Starting college? Think about internships now
The problem with most college commencement speeches is that they come too late. By the time graduates cross the stage, the experience is over. What students — even those in their first year — really need is a commencement-style dollop of wisdom while there’s still time to make big choices.
And so, without academic regalia or the strains of “Pomp and Circumstance,” here’s a piece of pre-graduation advice:
Start looking for an internship — today. Make sure you’re using all the resources of your school to help. And ideally look for an internship that pays, since you deserve to be compensated, even if it’s modestly, for your work.
It’s not the only good advice students will hear this fall, of course. You should also heed the wise words of others: Go to class, get lots of sleep, get to know the professors. All that matters, especially in the complicated lives of today’s students, who are frequently holding down jobs, leading families, and returning to school as adults.
But an internship, now more than ever, is critical. Even though education after high school is critical and higher levels of education typically translate into better careers, a degree alone won’t cut it.
A graduate today must stand out from the crowd. Many potential employers are skeptical: While nearly 90 percent of college seniors in one study said they have the professionalism and the work ethic to succeed, fewer than half of employers agreed.
Students must turn that perception around, one job interview at a time. And a record of good internships or meaningful part-time work can impress the people who make hiring decisions.
It’s important to start looking, even in that first year of college. And don’t wait until spring when everyone else is looking. Start now: You’ll be at the head of the line, and you’ll get extra points from employers, who’ll be impressed with your hustle. That means getting out to visit with people for informational interviews and to talk about their summer internship programs.
You can start doing this during fall semester breaks, when school is off for the holidays, and during spring break. Here’s what an internship campaign might look like:
Do your homework — Find out what places are doing interesting things in your field. Who’s in charge? What are their problems and opportunities? Do they pay their interns? Collect these in a file that you can use as your database of contacts. Never visit a company or organization without knowing a little of its history. You don’t have to know the whole story but knowing even a little shows that you’re serious. Be sure to read the group’s webpage or LinkedIn profiles of its executives. Notice their backgrounds and how they got started.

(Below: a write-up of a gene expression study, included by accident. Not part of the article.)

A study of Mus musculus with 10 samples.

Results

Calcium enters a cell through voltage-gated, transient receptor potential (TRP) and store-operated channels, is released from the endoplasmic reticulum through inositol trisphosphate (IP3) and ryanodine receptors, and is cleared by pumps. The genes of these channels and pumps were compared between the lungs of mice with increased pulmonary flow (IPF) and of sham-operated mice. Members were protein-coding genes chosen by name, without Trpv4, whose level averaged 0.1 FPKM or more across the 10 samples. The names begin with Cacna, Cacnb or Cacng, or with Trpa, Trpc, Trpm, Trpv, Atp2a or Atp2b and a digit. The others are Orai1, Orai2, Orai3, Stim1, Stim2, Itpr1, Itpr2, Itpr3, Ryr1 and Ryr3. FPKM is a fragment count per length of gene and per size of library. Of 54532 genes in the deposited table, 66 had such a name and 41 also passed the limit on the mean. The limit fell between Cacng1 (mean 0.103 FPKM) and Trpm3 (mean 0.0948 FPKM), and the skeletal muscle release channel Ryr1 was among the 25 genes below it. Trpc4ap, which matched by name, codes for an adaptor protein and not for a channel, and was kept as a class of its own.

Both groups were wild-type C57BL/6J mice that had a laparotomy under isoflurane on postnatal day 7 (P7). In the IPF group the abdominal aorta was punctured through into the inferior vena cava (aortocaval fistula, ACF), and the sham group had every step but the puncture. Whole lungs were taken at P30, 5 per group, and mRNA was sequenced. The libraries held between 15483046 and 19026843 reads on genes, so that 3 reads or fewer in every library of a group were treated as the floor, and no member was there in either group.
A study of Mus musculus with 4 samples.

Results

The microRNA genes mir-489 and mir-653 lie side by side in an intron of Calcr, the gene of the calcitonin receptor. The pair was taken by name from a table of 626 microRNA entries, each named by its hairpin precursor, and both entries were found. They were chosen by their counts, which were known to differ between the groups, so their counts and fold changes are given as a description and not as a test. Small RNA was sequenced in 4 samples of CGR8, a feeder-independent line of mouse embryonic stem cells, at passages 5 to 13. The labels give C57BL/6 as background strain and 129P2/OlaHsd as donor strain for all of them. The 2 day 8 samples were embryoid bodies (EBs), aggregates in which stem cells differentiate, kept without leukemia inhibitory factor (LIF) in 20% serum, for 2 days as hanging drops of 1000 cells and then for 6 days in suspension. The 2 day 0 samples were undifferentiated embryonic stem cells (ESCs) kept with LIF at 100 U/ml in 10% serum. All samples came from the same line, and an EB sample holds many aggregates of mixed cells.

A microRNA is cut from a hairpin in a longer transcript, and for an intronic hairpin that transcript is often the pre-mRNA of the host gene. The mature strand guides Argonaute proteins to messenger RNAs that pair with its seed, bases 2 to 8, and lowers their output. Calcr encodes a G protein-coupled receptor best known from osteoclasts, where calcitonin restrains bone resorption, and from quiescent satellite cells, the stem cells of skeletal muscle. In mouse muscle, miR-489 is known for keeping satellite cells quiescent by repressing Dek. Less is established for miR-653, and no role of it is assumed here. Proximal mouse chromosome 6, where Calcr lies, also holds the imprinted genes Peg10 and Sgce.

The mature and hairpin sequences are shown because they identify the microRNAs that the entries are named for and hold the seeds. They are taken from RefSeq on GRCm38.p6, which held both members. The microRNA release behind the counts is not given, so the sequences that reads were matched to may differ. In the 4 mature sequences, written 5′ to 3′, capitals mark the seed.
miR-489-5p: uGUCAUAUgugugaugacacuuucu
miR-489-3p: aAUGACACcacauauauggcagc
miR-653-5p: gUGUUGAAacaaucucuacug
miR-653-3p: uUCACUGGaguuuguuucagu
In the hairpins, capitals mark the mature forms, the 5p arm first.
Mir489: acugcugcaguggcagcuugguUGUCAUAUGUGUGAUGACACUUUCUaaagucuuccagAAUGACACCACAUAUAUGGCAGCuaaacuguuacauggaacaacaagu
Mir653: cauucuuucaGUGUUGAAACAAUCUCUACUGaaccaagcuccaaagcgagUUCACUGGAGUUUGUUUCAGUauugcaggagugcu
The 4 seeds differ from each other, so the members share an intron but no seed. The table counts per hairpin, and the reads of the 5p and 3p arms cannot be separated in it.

Communicate — Reach out to people in your field by email with carefully written requests to meet. Be sure to take advantage of the career services available at your school. Fewer than one in five undergraduates ask for job-hunting advice from their career centers, a report last year found.
Know yourself — Be able to talk about how you can help, what you want to learn and what you’ve done with the opportunities you’ve had so far. But mostly, listen. Most of the people you’ll meet will want to help a student who is serious.
Campaign — If this sounds like a campaign, it is. The more conversations you have, the more confident you will feel. Look at the school’s academic calendar, find a break in the schedule, and target those days for visits to potential employers. Compose an email request to talk about the industry, where it’s headed, and the kind of skills newcomers should have.
Will all of this guarantee you an internship? No, but it can make a big difference — and it can help make sure that you have choices, instead of just one opportunity. You want to be paid for the work you do, for example, and a good networking campaign raises the chances you’ll find an opportunity like that. This is a controversial notion for some people. But Lumina pays its interns and more companies should, so opportunity is not just available to those who can afford to work for free.
I speak from experience here, as someone who benefitted from internships at a Washington, D.C., magazine and with a publishing organization. Those opportunities helped bring to life the lessons of the classroom and set the stage for later successes.
Lumina is doing more work to understand the role of college work experiences, but we already we know this: Your chances of success go up a lot if you get started early. Think of it as the beginning of your career. And in this like so many areas, the harder you work, the better off you’ll be.